Retirement & IRAs

4 Retirement Mistakes to Avoid

Most American workers worry they won't have enough money for retirement. Fortunately, your State Farm® agent is here today to help you start preparing for tomorrow. We can help you make decisions that may strengthen your financial situation and preserve your money for as long as possible.

While you're thinking about what to do with your savings now, make sure you avoid these common retirement mistakes:


It's important to start early and save often. Many investment advisors recommend putting 10 percent of your pre-tax income toward retirement. If you can't afford to save that much, start somewhere, even at 5 percent. You can set a goal to build up to 10 percent by saving a little more each year. Regular contributions are what's important over time.

2. Giving Up On a Retirement Savings Plan

The thought of preparing for retirement can be overwhelming and cause many people to delay savings goals, but it's better to start late than never at all. With a little help from your State Farm agent, you can determine what your goals are for the future and devise a plan that fits your situation. Taking a disciplined approach to retirement savings, and following your plan, can help you gain greater confidence in your ability to reach your goals.

3. Cashing Out When You Change Jobs

If you cash out from an employer-sponsored retirement plan before age 59 1/2, you face two potential tax hazards. First, you risk moving to a higher tax bracket in the year you cash out, thereby paying a higher marginal tax rate. Second, you may have to pay a 10 percent penalty tax. We highly recommend you consult with your tax adviser before cashing out. You may find you're better off leaving the money in your former employer's plan or rolling it over into either your current employer's plan or an IRA. If you roll it over, your money can work for you on a tax-deferred basis until you reach retirement.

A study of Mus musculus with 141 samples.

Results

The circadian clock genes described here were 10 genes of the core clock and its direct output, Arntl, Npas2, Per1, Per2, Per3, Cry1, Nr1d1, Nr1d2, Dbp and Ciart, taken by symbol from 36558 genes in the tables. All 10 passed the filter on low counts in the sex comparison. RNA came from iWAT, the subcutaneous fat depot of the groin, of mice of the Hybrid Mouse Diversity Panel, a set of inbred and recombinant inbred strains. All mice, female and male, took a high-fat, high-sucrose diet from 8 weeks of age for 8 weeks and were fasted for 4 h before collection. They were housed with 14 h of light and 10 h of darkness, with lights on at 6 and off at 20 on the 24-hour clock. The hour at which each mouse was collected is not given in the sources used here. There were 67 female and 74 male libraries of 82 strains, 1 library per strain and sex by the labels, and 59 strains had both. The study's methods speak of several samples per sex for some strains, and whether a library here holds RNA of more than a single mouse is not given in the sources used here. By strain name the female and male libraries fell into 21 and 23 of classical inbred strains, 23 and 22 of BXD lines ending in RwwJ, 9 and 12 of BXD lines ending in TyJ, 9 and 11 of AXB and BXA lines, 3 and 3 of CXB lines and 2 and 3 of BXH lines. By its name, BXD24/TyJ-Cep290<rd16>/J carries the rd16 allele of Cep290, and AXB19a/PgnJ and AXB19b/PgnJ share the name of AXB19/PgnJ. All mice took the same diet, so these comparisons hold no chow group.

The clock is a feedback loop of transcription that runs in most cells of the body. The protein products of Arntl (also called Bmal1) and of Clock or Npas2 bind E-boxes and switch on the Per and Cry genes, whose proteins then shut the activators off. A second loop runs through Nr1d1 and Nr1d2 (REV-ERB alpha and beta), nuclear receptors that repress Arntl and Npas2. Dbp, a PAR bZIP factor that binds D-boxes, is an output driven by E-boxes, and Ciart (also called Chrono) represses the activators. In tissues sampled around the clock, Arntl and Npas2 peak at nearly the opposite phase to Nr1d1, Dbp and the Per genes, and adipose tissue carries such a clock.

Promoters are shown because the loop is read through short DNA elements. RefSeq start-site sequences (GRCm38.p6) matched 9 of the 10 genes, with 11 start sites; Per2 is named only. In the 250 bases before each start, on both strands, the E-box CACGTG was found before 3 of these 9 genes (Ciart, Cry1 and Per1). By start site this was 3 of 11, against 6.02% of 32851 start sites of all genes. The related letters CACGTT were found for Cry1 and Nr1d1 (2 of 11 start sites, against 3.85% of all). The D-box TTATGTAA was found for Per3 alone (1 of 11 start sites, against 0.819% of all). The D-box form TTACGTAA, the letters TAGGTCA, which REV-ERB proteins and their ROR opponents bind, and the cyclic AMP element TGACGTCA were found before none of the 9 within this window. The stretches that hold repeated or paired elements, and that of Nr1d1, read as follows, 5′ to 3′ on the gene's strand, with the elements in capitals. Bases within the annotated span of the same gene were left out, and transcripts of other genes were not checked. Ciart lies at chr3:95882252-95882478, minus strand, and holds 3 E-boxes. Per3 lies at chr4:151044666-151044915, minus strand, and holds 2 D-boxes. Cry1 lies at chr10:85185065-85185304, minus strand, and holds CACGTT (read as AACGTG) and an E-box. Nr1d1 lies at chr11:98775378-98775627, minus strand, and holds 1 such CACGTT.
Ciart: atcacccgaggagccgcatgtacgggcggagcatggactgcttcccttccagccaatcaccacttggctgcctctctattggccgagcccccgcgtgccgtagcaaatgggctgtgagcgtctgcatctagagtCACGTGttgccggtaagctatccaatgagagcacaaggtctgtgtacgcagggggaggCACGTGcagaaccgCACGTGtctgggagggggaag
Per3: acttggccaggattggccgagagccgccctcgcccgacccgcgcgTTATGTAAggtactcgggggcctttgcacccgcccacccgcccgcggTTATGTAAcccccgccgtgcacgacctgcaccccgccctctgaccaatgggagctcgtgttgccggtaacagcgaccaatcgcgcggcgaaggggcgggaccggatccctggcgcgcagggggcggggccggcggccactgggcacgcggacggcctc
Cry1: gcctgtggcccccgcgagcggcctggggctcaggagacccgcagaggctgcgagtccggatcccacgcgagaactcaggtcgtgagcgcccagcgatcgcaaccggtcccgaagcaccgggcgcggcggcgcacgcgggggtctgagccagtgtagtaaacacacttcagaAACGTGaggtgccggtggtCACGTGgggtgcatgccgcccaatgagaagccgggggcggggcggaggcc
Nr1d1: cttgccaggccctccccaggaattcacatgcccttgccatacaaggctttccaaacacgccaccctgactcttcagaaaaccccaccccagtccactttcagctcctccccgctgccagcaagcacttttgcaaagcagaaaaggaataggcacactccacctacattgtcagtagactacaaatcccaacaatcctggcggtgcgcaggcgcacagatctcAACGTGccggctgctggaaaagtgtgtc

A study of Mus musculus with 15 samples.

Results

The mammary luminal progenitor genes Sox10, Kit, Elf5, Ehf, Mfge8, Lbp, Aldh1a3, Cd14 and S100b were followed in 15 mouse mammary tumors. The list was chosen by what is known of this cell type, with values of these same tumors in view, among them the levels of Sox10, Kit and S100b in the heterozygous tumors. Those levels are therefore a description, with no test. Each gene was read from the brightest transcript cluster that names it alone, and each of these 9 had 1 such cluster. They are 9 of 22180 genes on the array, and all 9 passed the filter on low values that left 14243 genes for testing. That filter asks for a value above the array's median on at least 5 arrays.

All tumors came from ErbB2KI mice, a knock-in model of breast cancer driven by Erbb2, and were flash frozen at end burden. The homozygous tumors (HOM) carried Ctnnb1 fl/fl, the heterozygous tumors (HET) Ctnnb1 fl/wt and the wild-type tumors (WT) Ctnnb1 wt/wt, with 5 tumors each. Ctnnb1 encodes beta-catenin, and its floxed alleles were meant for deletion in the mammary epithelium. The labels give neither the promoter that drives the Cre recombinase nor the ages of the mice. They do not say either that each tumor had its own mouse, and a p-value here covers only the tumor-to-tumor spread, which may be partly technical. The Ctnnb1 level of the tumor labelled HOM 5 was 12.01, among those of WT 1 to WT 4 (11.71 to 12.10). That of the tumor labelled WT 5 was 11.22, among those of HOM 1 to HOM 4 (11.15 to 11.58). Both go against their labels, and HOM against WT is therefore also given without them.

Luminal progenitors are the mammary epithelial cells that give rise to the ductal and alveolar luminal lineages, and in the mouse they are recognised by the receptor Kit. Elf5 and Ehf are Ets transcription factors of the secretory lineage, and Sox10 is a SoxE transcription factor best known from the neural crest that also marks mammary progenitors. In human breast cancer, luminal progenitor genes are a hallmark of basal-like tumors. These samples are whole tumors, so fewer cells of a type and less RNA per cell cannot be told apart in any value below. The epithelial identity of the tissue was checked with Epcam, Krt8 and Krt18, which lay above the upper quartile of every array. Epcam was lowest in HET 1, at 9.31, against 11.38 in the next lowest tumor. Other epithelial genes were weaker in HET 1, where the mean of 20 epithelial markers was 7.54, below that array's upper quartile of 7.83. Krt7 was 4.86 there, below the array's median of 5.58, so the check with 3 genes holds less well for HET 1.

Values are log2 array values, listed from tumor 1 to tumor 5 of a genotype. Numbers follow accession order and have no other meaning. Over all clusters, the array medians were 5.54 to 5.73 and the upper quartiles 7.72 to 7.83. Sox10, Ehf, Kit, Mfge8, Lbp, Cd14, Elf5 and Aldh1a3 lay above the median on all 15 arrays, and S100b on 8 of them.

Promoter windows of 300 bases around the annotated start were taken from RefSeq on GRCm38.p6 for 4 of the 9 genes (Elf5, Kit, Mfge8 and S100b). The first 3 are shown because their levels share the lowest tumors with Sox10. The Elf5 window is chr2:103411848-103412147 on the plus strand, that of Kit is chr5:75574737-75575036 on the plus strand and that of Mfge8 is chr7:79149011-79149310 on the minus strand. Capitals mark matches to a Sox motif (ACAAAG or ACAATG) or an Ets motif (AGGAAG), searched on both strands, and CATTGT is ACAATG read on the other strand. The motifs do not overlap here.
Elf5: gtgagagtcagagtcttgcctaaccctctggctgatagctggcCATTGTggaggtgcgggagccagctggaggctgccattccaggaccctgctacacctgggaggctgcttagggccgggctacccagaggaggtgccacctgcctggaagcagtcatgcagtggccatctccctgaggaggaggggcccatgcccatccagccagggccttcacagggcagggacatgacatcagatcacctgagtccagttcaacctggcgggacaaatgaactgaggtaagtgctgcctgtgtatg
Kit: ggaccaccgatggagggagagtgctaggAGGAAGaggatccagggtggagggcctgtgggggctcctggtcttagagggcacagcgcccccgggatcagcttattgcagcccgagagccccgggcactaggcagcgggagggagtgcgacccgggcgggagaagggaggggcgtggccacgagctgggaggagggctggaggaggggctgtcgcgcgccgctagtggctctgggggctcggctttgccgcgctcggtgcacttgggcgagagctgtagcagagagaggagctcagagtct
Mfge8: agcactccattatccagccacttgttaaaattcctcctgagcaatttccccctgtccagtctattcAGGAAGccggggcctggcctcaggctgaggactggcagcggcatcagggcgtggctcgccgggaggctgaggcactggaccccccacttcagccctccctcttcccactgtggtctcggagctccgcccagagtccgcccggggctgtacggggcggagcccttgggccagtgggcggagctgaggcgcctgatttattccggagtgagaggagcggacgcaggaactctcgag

4. Carrying Too Much Debt Into Retirement

Debt—whether from a mortgage, car or credit card—can put a dent in your retirement plans. When you're thinking about your future, you should set goals for savings and cash flow as well as debt elimination.

How Can State Farm Help?

We're here today to help you take charge for tomorrow. Talk to your State Farm agent about your insurance and financial needs and let us help you reach your retirement goals. Meanwhile, to see how much it will take to have the kind of retirement you'd like, visit and bookmark the State Farm retirement calculator


Neither State Farm nor its agents provide tax, legal or investment advice. Customers should consult their own legal, tax, or investment advisors regarding their specific circumstances.

Prior to rolling over assets from an employer-sponsored retirement plan into an IRA, it's important that customers understand their options and do a full comparison on the differences in the guarantees and protections offered by each respective type of account as well as the differences in liquidity/loans, types of investments, fees, and any potential penalties.